From Wikipedia, the free encyclopedia
Performing the crunch

The crunch is an abdominal exercise that works the rectus abdominis muscle.[1] It enables both building "six-pack" abs and tightening the belly. Crunches use the exerciser's own body weight to tone muscle and are recommended by some experts[like whom?], despite negative research results[citation needed], as a low-cost exercise that can be performed at home.[2] Crunches are less effective than other exercises such as planks and carry risk of back injury.[3]


In a crunch, the lower back does not lift off the floor

The biomechanics professor Stuart McGill was quoted in The New York Times Health blog as stating:

An approved crunch begins with you lying down, one knee bent, and hands positioned beneath your lower back for support. "Do not hollow your stomach or press your back against the floor", McGill says. Gently lift your head and shoulders, hold briefly and relax back down.[4]

Research has shown that both sit-ups and crunches are mediocre strength-building exercises and have injured many people.[3]

In a crunch, unlike a sit-up, the lower back stays on the floor. This is said to eliminate any involvement by the hip flexors, and make the crunch an effective isolation exercise for the abdominals.[5]

World records[edit]

Sirous Ahmadi has the record of doing over 20000 crunches in under 5 hours on May 11, 2024.[6][7]

In 2018, John Peterson from the US did 6,774 crunches in an hour and in 2021, he did a total of 13,994 crunches in two hours.[8][9][10]

See also[edit]


  1. ^ "Core Anatomy: Muscles of the Core". www.acefitness.org. Retrieved 2022-03-28.
  2. ^ "Exercising on a budget". MedlinePlus Medical Encyclopedia. Retrieved 20 April 2020.
  3. ^ a b Mull, Amanda (2022-05-28). "The Sit-Up Is Over". The Atlantic. Archived from the original on Mar 14, 2023. [McGill's] findings showed that sit-ups and crunches weren't just mediocre strength-building moves; they were actually hurting lots of people."
    "In the past decade, every branch of the U.S. military has begun to phase out sit-ups and crunches from their required testing and training regimens, or else they have made them optional, alongside more orthopedically sound maneuvers such as the plank. Spokespeople for the Army and the Marines confirmed [...] that these decisions in their branches were made in part to avoid the high rates of lower-back injury found among troops training for speed sit-up and crunch tests."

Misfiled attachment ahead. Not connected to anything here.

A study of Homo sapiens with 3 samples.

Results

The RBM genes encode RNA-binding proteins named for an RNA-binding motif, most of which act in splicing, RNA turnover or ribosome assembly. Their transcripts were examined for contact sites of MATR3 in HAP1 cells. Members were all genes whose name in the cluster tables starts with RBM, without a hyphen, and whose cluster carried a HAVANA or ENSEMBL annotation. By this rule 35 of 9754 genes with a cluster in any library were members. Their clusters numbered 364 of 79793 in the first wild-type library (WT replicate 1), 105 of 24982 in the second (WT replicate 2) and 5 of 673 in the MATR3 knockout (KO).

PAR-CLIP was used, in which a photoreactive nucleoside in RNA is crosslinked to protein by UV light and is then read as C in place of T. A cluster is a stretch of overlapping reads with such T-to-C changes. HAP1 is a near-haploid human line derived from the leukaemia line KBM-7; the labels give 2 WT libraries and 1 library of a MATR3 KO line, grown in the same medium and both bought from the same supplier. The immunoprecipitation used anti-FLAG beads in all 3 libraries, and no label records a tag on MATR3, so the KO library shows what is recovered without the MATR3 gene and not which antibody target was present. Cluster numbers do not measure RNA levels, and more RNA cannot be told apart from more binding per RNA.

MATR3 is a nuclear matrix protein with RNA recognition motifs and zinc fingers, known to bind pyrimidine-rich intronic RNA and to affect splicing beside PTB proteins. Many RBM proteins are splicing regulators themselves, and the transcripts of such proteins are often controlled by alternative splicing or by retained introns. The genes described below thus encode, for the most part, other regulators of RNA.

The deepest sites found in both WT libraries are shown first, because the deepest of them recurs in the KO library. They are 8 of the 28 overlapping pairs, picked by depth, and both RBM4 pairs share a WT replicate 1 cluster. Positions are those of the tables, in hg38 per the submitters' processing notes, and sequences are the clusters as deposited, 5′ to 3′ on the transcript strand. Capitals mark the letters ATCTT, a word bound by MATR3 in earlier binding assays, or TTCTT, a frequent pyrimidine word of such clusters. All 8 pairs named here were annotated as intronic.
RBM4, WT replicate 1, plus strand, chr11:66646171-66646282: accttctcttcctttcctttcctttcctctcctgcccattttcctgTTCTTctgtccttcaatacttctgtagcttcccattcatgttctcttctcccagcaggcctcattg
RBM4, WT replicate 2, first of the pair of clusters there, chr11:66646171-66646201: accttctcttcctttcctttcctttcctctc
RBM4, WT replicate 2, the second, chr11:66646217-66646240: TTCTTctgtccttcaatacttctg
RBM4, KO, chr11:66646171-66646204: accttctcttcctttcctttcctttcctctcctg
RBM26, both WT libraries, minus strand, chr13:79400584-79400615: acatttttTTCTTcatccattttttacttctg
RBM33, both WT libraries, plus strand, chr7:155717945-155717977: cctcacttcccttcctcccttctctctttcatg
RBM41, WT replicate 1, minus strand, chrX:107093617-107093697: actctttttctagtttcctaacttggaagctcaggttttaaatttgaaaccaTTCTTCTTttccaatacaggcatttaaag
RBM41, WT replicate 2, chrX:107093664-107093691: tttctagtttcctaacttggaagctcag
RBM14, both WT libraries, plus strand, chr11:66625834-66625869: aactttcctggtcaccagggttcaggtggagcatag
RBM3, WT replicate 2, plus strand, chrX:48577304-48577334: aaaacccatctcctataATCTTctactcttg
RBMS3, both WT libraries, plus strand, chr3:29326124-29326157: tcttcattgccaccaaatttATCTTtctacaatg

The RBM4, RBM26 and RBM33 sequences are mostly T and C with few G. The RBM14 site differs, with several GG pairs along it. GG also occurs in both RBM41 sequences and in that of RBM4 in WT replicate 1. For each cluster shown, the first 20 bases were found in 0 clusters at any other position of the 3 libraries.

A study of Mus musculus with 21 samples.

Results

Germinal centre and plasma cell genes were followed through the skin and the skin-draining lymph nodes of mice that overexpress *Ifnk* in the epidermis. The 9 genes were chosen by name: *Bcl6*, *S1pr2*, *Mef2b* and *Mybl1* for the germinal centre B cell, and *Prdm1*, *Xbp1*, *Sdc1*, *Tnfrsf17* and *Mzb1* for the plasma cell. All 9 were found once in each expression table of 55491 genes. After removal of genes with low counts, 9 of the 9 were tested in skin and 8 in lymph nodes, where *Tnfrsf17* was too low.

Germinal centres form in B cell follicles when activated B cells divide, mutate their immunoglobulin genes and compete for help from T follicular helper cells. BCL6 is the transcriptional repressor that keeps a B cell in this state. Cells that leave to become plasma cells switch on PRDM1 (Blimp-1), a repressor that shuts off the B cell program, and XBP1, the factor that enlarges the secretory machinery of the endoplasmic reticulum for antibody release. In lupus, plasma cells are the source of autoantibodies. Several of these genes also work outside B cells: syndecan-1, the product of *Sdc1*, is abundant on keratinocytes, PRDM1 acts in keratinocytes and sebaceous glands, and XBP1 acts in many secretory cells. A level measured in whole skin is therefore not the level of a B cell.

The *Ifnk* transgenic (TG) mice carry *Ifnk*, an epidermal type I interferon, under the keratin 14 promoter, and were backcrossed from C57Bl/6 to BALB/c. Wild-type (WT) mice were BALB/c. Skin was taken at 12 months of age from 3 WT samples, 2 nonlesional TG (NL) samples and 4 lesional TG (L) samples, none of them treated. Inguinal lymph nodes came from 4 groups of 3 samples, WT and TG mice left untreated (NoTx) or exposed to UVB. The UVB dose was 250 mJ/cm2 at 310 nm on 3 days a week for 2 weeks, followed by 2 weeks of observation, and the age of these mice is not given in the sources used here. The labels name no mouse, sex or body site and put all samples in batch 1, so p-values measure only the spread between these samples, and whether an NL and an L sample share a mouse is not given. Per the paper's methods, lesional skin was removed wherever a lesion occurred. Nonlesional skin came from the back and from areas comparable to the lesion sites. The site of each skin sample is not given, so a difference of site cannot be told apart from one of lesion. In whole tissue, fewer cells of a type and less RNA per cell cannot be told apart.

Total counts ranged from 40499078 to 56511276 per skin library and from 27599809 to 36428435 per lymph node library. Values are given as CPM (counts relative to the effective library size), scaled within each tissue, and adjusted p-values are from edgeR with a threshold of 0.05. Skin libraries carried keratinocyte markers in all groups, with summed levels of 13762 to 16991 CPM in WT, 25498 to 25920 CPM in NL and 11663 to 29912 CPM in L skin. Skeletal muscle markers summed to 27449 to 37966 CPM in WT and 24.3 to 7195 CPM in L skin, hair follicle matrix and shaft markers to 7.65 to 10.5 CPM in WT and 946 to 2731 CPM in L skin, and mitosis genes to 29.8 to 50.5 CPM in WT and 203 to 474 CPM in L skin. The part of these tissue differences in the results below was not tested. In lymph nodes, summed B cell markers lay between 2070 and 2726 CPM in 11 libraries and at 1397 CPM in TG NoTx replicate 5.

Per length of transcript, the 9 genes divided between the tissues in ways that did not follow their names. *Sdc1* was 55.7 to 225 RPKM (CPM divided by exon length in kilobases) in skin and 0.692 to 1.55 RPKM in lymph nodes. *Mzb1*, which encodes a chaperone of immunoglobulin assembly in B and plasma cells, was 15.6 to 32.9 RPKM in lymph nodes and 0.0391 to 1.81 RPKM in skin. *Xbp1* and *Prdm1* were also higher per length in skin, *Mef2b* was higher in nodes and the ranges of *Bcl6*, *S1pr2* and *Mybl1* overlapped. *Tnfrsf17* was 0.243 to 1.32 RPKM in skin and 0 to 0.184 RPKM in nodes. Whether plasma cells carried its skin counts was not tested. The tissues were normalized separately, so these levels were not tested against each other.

"If you hadn't yet noticed crunches disappearing around you—or if you have a trainer who still puts you through your sit-up paces—McCall said he wouldn't exactly be shocked. Like many other American industries, the fitness business is consolidating, but it still contains tons of independent instructors and small businesses. Sit-ups and crunches have been discouraged by educators within the industry for years, but there are no licensing or continuing-education requirements for teaching exercise, and if trainers don't seek out new information and techniques, it can take a while for good information and new ideas to get through to them.
  4. ^ Reynolds, Gretchen (17 June 2009). "Is Your Ab Workout Hurting Your Back?". Well. The New York Times. Archived from the original on Nov 9, 2020.
  5. ^ Baker, Cameron (June 15, 2016). "Are Sit Ups Bad for You? The U.S. Military Seems to Think So…". International Sports Sciences Association. Archived from the original on 17 October 2018. Retrieved 17 October 2018.
  6. ^ "Australian-Iranian Sports Medicine Expert Shatters Record with Over 20,000 Crunches in Under 5 Hours". www.iranartsjournal.com. Retrieved 28 May 2024.
  7. ^ "Most Crunch Exercises Completed In A Single Five-Hour Session". RecordSetter. May 11, 2024. Retrieved 28 May 2024.
  8. ^ Strillacci, Elisabeth (16 August 2022). "Raising the stakes, John Peterson keeps challenging himself, and records". Salisbury Post.
  9. ^ "John Peterson Crunches It!". Shane K. Smith Photography. 11 December 2021. Retrieved 28 May 2024.
  10. ^ Whisenant, David (9 December 2021). "64-year-old does 13,944 abdominal crunches in two hours". www.wbtv.com. Retrieved 28 May 2024.